The Blogging from A-Z Challenge continues today. Throughout April I’m posting about my life as a writer, including my inspirations, frustrations and celebrations.
For the letter P, I’m talking about two of my writing weaknesses.
I have a confession to make. I can’t write ‘serious poetry’. I’ve always admired T.S Elliott, Alan Ginsberg, Phillip Larkin and the Romantic poets like Wordsworth and Blake. I spent a lot of my teenage years and early twenties trying to write deeply profound poetry and most of it is pretentious drivel. Still, it gives me a chuckle when I read it. You’ll find some of it buried in the archives of this blog if you’re curious, but I’m not going to make it that easy for you. 😉
Nowadays, I write in my own style, which is mostly rhyming verse with a catchy, sing-song rhythm. Perhaps one day I will put together a collection of children’s poetry. Who knows?
I am a terrible procrastinator. I often leave things to the last minute in favour of watching films or using social media. This used to really puzzle me. Why I am I procrastinating when I genuinely love to write? I would beat myself up internally for being lazy and lacking self-control when I wasted my time doing things other than writing.
I recently read an article from the New York Times called “Why You Procrastinate (It Has Nothing to Do With Self-Control)” and it got me thinking about the psychology behind procrastination. Dr. Piers Steel explains that it’s a form of self-harm caused by “an inability to manage negative moods around a task.”
This makes so much sense to me. I definitely procrastinate more when I deeply care about a project and want to succeed. It’s illogical, but I experience anxiety and self-doubt about my ability to pull it off. I worry that the idea that seems so wonderful and exciting in my head will be a terrible failure when I put it on paper. It’s these negative emotions that I’m subconsciously trying to avoid when I procrastinate.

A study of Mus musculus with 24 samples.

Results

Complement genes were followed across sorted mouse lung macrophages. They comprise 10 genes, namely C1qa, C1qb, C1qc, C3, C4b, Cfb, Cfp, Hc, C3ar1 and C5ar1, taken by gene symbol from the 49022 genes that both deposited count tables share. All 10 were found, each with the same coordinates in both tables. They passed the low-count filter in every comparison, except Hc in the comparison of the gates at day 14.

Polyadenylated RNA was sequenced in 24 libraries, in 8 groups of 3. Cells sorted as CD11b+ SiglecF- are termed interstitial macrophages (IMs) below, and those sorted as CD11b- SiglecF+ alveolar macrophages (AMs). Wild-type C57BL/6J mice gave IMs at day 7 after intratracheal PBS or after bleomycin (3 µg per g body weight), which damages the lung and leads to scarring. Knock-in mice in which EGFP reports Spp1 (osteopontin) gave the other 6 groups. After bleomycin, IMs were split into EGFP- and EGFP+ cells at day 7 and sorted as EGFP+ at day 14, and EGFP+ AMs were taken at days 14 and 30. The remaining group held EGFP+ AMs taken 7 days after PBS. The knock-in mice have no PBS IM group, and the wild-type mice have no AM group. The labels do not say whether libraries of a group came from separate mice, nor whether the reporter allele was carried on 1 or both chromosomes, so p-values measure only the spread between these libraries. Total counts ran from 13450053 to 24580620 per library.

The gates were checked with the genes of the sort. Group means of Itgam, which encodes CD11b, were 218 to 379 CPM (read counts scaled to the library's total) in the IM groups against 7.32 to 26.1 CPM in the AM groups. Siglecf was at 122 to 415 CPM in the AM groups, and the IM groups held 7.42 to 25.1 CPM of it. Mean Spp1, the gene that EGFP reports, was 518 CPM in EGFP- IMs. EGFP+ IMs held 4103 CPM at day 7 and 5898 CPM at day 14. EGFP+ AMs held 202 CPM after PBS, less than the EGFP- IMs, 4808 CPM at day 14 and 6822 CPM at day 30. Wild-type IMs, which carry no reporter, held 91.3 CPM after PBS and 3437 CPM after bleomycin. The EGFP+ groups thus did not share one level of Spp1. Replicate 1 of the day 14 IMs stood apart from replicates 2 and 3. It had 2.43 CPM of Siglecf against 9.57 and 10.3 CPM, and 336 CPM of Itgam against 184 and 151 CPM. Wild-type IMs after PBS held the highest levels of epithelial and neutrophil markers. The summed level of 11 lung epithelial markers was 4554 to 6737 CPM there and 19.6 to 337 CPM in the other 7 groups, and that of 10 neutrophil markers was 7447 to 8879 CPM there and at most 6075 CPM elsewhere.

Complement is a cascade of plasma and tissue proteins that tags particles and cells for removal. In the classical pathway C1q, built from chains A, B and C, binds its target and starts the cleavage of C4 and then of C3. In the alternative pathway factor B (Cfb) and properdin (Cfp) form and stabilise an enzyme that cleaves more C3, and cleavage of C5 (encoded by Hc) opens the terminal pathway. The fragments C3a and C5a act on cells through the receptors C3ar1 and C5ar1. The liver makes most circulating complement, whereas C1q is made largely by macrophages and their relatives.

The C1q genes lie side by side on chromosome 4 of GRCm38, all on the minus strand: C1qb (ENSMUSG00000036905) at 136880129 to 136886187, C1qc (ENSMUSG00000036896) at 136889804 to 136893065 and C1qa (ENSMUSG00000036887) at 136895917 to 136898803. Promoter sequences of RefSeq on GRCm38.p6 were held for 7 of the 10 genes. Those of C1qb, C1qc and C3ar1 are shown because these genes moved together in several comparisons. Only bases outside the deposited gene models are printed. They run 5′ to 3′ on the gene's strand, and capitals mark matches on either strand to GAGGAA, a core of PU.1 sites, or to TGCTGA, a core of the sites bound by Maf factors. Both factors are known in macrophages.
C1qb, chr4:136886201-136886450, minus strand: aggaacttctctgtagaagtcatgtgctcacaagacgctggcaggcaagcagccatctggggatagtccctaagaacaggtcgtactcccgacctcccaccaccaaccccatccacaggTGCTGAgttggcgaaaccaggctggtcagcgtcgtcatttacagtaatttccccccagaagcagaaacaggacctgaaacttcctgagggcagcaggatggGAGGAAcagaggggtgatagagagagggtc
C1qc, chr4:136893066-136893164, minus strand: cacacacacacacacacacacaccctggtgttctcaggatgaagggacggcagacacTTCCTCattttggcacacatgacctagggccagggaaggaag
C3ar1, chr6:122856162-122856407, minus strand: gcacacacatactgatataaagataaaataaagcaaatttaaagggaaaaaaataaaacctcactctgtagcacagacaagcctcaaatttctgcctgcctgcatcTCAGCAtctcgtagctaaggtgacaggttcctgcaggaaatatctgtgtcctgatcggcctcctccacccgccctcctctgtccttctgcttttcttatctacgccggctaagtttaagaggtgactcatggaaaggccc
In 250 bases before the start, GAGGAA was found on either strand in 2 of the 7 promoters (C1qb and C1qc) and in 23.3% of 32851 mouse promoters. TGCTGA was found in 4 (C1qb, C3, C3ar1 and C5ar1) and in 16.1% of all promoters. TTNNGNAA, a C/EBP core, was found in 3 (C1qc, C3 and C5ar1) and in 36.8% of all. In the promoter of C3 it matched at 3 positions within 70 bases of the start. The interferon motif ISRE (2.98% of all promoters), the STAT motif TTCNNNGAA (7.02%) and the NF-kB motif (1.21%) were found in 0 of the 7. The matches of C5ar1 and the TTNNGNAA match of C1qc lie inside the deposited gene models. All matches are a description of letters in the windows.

“Procrastination is an emotion regulation problem, not a time management problem,”
~ Dr. Tim Pychyl, professor of psychology and member of the Procrastination Research Group at Carleton University in Ottawa.
Ultimately, this behaviour is destructive because it’s a self-fulfilling prophesy. Avoiding the task only increases my odds of failure and my self-doubt then intensifies. I’m working to break that cycle. I try to set aside a ‘sacred’ 20 minutes of writing time each day, during which I put my laptop in aeroplane mode and cut out all distractions. But more importantly, I’m looking into the root cause of the anxiety itself and trying to improve my self-esteem in relation to my writing.
Before you go…
Do you enjoy reading or writing poetry? If so, what forms or styles do you prefer? Is procrastination something you struggle with?